Eurozone inflation rocketed to its highest ever level in November as energy prices sent the cost of living soaring

Eurozone inflation rocketed to its highest ever level in November as energy prices sent the cost of living soaring
Prices have soared across the eurozone.Chesnot/Getty Images
  • Eurozone inflation soared to 4.9% in November, according to a flash estimate released Tuesday.
  • That's the highest ever level for inflation in the 19-member currency bloc, and well above the European Central Bank's 2% target.

Eurozone inflation rose at its fastest ever rate in November, as a jump in energy prices and snags in global supply chains sent the cost of living soaring.

The rate of consumer prices in the 19-member currency bloc was up 4.9% year-on-year in November, according to an early estimate released by Eurostat Tuesday. That's the highest figure since the eurozone was founded in the late 1990s.

November's inflation print came in above economists' expectations of 4.5% and significantly higher than October's figure of 4.1%.

Inflation is now far above the European Central Bank's target of 2%, adding to the pressure on the central bank. The ECB has said so far that strong inflation will be transitory and has pledged to keep up its support for the economy.

German inflation increased 6% in November compared with a year earlier, the country's highest reading since 1992. French inflation hit 3.4%, its highest level since 2008.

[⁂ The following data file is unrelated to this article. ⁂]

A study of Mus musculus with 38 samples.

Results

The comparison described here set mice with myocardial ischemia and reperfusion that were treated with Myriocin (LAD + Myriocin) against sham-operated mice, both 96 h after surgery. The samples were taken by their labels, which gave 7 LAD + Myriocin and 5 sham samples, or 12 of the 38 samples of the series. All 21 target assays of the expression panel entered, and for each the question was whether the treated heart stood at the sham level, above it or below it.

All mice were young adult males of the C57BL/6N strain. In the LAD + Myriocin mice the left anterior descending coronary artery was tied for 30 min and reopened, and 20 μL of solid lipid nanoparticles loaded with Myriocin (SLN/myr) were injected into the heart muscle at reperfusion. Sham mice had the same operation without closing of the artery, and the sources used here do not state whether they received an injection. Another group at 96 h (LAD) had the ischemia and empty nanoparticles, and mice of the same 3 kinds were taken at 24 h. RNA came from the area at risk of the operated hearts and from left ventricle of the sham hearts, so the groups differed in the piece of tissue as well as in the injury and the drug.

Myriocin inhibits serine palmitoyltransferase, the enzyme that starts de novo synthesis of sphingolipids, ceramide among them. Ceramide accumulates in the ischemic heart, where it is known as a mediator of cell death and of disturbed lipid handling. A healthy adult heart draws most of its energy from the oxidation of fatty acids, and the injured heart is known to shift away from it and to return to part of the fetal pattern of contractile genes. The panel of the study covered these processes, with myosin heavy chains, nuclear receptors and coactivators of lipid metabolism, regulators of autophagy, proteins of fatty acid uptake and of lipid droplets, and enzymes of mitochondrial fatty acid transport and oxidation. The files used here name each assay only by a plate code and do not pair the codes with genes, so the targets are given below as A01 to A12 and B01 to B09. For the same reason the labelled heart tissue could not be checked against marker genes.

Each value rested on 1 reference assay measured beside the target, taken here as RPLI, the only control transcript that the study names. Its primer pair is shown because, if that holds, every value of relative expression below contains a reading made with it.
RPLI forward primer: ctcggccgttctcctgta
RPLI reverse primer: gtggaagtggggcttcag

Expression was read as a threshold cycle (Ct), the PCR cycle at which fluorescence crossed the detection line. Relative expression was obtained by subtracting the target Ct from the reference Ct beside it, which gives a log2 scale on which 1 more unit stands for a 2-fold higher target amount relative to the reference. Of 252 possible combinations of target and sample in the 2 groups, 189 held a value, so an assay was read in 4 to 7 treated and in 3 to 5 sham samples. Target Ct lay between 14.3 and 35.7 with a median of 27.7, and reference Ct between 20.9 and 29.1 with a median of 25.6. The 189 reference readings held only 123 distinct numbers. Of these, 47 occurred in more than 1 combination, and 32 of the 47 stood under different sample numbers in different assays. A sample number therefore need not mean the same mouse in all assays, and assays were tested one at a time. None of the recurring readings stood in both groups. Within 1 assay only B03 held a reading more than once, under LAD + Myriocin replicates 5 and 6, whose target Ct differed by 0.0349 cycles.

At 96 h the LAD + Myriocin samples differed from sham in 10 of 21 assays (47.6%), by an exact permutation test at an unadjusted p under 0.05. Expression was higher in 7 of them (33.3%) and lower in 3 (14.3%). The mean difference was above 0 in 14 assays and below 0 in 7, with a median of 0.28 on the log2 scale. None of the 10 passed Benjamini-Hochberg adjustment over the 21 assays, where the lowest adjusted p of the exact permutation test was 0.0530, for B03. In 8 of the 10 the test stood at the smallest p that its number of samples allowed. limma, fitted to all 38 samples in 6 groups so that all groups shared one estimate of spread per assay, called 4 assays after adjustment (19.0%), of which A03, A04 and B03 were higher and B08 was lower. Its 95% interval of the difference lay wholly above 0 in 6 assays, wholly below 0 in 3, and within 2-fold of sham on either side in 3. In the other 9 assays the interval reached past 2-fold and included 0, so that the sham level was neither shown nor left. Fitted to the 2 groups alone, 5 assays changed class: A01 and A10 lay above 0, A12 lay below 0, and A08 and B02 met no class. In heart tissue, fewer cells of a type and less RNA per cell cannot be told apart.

The euro was last up 0.6% to $1.136, on a day when markets were shaken by fears about the new Omicron coronavirus variant.


Energy prices have been the key factor pushing up inflation across Europe in 2021.

Natural gas prices in particular have skyrocketed as economies have lifted coronavirus restrictions, stoking demand. A cold 2020 winter and competition with China has also squeezed supplies.

"The latest data suggest that price pressures remain intense, with producer price inflation strong and firms' selling price expectations extremely high," Jack Allen-Reynolds, senior Europe economist at Capital Economics, said.

"While energy effects are almost certain to bring the headline rate down next year, high input costs look set to keep goods inflation unusually strong for some time."

Yet even with the prices of energy and food removed, core inflation still jumped 0.6 percentage points to 2.6% year-on-year in November, the highest level on record.


Allen-Reynolds said the impact of the new Omicron coronavirus variant is uncertain.

"Lower oil prices will reduce energy inflation, but if the variant exacerbates global demand-supply imbalances, goods inflation could be higher for longer," he said.